Posted by: ktzefr | August 5, 2016

Wild About Blackberries: 10 Reasons to Love ‘em

Blackberries; Photo:KFawcett

Blackberries; Photo:KFawcett

On the hottest days of summer in the Kentucky hills we got up early, dressed in pants and long sleeves, donned a hat, and snapped rubber bands around our ankles to keep pesky critters from crawling up our legs.  Then we grabbed a bucket, called the dogs, and headed to the blackberry patch.

Blackberries grew wild so there were scattered patches all over the mountain.  We wandered the hills from one picking season to the next because we never knew where we might find a new crop or whether the old berry patch would still exist.  “Patch” is actually a nice, though not entirely accurate, description of these clusters of sweet, purple berries that grow on thorny briars all tangled up together. 

There was a standard warning for berry pickers in those days: if the thorns don’t get you, the chiggers will.   The bugs are so tiny they are hard to see with the naked eye unless there’s a meeting of like-minded chiggers, in which case the color of the crowd stands out, creating a moving red blotch on the skin.  Invariably, a few always managed to migrate beneath the rubber band and head for more hospitable places.  I recall painting my legs with nail polish to seal the bites and “smother” the critters.  I can’t imagine that was a good thing, but it seemed to work.

We took the dogs to keep away the snakes.  Black snakes, green snakes, and garter snakes were okay; copperheads and cottonmouths and rattlesnakes were not.  But to me, a snake was a snake.  I couldn’t tell one from the other and didn’t like any of them.  And I didn’t trust the dogs to warn us.  Half the time they found a place to curl up in the shade of a tall hickory or poplar while we sweated in the sun.  It seemed I was always waking up the dogs.

My mom told us to wait and wash the berries before we ate them.  “You may eat a spider.”  She repeated this often.  But I examined the berries closely and ate as I picked.  We all did, Mom included. After awhile, the big plump berries were too tempting to resist.

ImageYears later, when my mom was in her eighties, she came to visit one summer and we went berry picking outside the city.  The berries had been planted at one of the local farms and were set out in neat rows with freshly mowed “aisles” in between.  The new variety of berries were totally thorn-less!  No finger pricks, and we didn’t have to worry about chiggers or snakes and could fill our buckets in record time.  The berries tasted the same.  It was a fun outing.  But there was something different that I couldn’t quite put my finger on at the time.

It was the mystery, I think.  These citified berry patches were predictable.  We knew exactly where they were and how many berries we could find and when they would be perfect for the picking.  No guessing.  No surprises.  No worries.  The “wild” had been taken out of the berries and the picking. Sometimes a little bit of “wild” is needed in our day-to-day predictable lives.


Hot Blackberry Jam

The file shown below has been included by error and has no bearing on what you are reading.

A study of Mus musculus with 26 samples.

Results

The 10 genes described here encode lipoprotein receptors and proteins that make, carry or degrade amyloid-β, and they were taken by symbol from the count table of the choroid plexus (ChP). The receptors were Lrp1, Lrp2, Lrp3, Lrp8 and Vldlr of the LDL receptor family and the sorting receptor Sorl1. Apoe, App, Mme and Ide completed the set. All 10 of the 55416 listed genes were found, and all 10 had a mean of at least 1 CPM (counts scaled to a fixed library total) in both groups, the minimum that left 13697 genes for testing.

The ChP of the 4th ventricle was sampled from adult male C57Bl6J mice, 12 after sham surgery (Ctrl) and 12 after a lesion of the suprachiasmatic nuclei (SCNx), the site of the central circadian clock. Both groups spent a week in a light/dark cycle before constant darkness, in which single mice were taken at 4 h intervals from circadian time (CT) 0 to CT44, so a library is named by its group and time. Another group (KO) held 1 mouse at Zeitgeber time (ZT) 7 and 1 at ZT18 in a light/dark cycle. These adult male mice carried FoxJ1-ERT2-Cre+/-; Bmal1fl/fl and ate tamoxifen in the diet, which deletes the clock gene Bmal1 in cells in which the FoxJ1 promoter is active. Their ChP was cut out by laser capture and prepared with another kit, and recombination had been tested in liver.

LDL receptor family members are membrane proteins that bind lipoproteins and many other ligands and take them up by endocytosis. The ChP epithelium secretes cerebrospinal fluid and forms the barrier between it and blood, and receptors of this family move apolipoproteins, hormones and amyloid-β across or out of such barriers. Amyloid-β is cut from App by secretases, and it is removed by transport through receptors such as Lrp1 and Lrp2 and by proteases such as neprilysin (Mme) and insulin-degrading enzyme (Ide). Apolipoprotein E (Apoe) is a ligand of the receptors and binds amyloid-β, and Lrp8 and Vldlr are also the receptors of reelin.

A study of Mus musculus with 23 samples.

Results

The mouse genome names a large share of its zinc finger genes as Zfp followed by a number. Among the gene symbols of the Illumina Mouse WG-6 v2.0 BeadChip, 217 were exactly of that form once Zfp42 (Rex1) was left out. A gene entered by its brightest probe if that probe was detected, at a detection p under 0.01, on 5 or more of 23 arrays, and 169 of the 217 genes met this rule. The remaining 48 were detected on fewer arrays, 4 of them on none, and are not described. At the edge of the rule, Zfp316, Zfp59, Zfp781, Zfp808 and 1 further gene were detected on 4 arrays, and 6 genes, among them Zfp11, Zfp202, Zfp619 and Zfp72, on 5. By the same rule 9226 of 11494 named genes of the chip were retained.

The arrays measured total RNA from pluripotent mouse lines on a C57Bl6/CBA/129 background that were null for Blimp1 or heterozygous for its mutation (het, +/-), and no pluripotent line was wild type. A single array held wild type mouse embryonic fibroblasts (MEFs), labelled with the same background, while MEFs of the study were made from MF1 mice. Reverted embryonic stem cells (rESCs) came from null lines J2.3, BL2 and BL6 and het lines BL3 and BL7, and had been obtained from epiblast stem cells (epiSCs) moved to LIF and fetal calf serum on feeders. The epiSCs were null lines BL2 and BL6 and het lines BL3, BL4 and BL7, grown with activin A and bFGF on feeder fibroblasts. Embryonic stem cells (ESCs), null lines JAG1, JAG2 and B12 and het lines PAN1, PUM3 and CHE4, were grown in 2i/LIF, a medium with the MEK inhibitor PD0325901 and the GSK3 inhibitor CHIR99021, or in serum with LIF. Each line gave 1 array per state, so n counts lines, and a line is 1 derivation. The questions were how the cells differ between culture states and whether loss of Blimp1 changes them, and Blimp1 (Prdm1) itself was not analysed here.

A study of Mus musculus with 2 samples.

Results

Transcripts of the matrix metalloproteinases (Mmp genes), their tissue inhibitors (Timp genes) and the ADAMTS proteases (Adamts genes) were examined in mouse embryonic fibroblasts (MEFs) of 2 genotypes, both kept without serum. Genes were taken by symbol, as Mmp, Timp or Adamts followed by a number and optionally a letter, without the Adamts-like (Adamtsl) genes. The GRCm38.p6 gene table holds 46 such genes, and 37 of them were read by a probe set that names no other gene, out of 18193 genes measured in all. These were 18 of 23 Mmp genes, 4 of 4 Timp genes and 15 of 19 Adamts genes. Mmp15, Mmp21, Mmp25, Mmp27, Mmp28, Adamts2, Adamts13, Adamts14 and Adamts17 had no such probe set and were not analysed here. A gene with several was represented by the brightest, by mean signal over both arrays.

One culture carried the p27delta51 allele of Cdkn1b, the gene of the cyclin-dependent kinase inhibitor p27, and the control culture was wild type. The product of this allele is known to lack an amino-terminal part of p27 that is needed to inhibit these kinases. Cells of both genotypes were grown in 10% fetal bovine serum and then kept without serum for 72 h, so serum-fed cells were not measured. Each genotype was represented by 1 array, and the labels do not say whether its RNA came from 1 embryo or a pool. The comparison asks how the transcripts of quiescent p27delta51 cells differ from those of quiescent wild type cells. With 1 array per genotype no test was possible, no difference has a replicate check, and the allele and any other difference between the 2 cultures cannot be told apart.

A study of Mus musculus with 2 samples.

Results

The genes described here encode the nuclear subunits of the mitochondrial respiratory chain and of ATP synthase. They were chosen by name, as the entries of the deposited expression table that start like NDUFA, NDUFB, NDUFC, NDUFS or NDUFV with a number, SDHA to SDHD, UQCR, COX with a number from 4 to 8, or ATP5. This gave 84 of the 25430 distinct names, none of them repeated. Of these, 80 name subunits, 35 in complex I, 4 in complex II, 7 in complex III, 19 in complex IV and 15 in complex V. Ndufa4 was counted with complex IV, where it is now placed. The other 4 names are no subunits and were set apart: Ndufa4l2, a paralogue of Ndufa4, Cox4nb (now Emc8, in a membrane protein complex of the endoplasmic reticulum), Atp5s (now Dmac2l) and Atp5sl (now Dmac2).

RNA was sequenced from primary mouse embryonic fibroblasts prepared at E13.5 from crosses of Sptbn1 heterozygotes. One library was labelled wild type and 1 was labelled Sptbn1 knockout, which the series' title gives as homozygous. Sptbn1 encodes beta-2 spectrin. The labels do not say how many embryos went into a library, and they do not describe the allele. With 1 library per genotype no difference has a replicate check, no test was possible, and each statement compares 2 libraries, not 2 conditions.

Mom made blackberry cobbler, dumplings, and hot jam with biscuits.  She canned berries in quart-sized jars for the winter and froze a few in plastic bags.  One of my favorites was hot jam with biscuits for breakfast.  I often make this for dessert.  It’s easy and fast.  All you need are fresh blackberries and sugar — lots of sugar.  Heat in a sauce pan on low until the berries produce juice that thickens and becomes a heavy syrup.  Add a few fresh berries to the jam, stir, and pour over buttered biscuits (homemade biscuits or Bisquick – no canned, refrigerated biscuits, please!)


10 Reasons to Love Blackberries:

1) The antioxidant content of blackberries is far above that of most other foods.

2) The blackberry is technically not just one fruit. Each whole berry consists of 80-100 small drupelets that are arranged in a circular fashion, like a bunch of tiny grapes.  Each drupelet has a juicy pulp and a single seed.

3) Blackberries are easy to store – wash and vacuum seal in a Ziploc bag and store in the freezer.  They keep for months!

4) They grow easily, even in poor soil, and spread rapidly in woods, hillsides, ditches, and vacant lots — mostly by birds and small mammals that eat the berries, digest, and disperse the seeds at will. 

5) Blackberry leaves are food for certain caterpillars, deer, red foxes, badgers, and birds.

6) Blackberries are red before they are ripe, leading to an old expression that “blackberries are red when they’re green.”

7) According to forensic evidence, the Iron Age Haraldskaer Woman ate blackberries 2,500 years ago, so it is reasonable to assume that the berries have been eaten by humans for thousands of years.

8)  Mexico is the leading producer of blackberries in the world.  Nearly the entire crop is exported into the off-season markets in the US, Canada, and Europe.

9) Blackberries have multiple meanings across religious, ethnic, and mythological realms.  They’ve been used in Christian art to symbolize spiritual neglect or ignorance.  Mid-Mediterranean folklore claims that Christ’s Crown of Thorns was made of blackberry runners.  In one Greek myth, Bellerophon, a mortal, tries to ride Pegasus to Olympus, but he falls and becomes blind and injured upon landing in a thorny berry bush. This is his punishment for trying to take the power of the gods.

10) They taste good!


Did you ever pick wild berries?  Have a favorite recipe?